The story was picked up by numerous news outlets in the UK and beyond including the Daily Mail, Daily Express, Daily Mirror and many, many others.
We thought it would be interesting to do some research about Prince Harry and his brother Prince William.
Prince William, 34, was once feted for his looks and considered one of the most handsome young men in the world. Since then, the Windsor family’s baldness gene has hit the second in line to the throne hard and he has lost most of the hair on the top of his scalp. He is even balder than his 67-year-old father Prince Charles, as our pictures show.
The baldness gene is also affecting 31-year-old Prince Harry – but far less so than his big brother. Harry has some mild hair loss around his crown but not enough at this stage to warrant a hair transplant – either an FUE or FUT procedure.
Crown Clinic celebrity patients, model Calum Best, TV presenter Martin Roberts, football pundit Didi Hamann and Gogglebox star Chris Steed have all had FUE (follicular unit extraction) procedures with us whereas TV doctor and Crown Clinic patient Christian Jessen preferred the FUT (follicular unit transplantation) method.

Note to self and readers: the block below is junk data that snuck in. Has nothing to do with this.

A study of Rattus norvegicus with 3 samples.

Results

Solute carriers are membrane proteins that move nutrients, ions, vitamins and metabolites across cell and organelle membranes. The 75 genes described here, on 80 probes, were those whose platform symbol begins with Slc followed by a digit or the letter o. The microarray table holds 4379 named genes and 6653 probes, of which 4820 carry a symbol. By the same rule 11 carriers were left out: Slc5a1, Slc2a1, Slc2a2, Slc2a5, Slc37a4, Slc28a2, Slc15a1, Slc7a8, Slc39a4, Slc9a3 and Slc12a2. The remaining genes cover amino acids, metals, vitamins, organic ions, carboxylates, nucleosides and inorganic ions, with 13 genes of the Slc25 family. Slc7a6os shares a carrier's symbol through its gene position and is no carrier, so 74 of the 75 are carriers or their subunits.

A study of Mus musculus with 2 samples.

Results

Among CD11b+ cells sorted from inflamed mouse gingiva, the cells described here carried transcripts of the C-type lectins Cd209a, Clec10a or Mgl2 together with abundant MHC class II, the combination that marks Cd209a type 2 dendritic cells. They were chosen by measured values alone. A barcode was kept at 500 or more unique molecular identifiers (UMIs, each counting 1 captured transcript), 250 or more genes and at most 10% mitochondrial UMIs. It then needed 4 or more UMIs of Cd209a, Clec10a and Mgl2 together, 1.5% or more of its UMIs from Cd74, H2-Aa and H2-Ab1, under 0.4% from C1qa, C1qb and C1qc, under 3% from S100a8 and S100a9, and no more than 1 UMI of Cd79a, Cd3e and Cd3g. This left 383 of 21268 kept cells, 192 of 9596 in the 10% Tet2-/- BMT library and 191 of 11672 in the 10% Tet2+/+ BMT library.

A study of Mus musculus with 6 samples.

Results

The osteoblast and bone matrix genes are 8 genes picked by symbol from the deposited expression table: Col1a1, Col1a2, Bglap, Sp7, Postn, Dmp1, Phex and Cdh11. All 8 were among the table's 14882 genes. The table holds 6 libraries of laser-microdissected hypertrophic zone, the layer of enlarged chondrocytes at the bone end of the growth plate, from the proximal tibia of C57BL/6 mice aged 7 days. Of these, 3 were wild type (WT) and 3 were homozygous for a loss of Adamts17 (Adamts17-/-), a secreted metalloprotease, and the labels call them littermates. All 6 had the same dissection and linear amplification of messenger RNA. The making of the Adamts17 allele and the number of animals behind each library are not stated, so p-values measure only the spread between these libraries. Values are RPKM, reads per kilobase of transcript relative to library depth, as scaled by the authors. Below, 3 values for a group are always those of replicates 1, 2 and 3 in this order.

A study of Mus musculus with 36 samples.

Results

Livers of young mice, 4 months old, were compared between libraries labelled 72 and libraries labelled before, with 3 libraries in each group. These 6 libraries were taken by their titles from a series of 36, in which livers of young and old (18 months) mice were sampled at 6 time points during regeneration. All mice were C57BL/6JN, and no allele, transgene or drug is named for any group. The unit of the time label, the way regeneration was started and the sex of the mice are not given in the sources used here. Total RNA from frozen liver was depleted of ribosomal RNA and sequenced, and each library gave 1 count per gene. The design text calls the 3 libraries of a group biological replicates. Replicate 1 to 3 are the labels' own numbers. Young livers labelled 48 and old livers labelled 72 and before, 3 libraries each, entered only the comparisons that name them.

What we wanted to know was how Prince William’s hair loss had affected his hearth-throb status. The truth is – not very well.
Our poll of 1,000 women found that Prince Harry was the best-looking royal male in the world. Prince William scraped into the top ten in ninth place – just one place above his cousin, Princess Anne’s eldest son Peter Phillips.
It is almost certainly too late for Prince William to do anything about his hair loss in terms of a hair transplant. He could keep hold of more of his remaining natural hair by taking Finasteride but his male pattern baldness is so advanced that he would need multiple procedures to replace his lost hair, and he may not have sufficient donor hair at the back and sides of his scalp to cover up all the gaps.
Prince Harry would certainly benefit from a procedure in a few years’ time if the hair loss around his crown continues in the normal trajectory.
If you want to read more about the full survey, here is Mail Online’s piece on it:
The piece got a huge reaction and has been shared almost 5,000 times.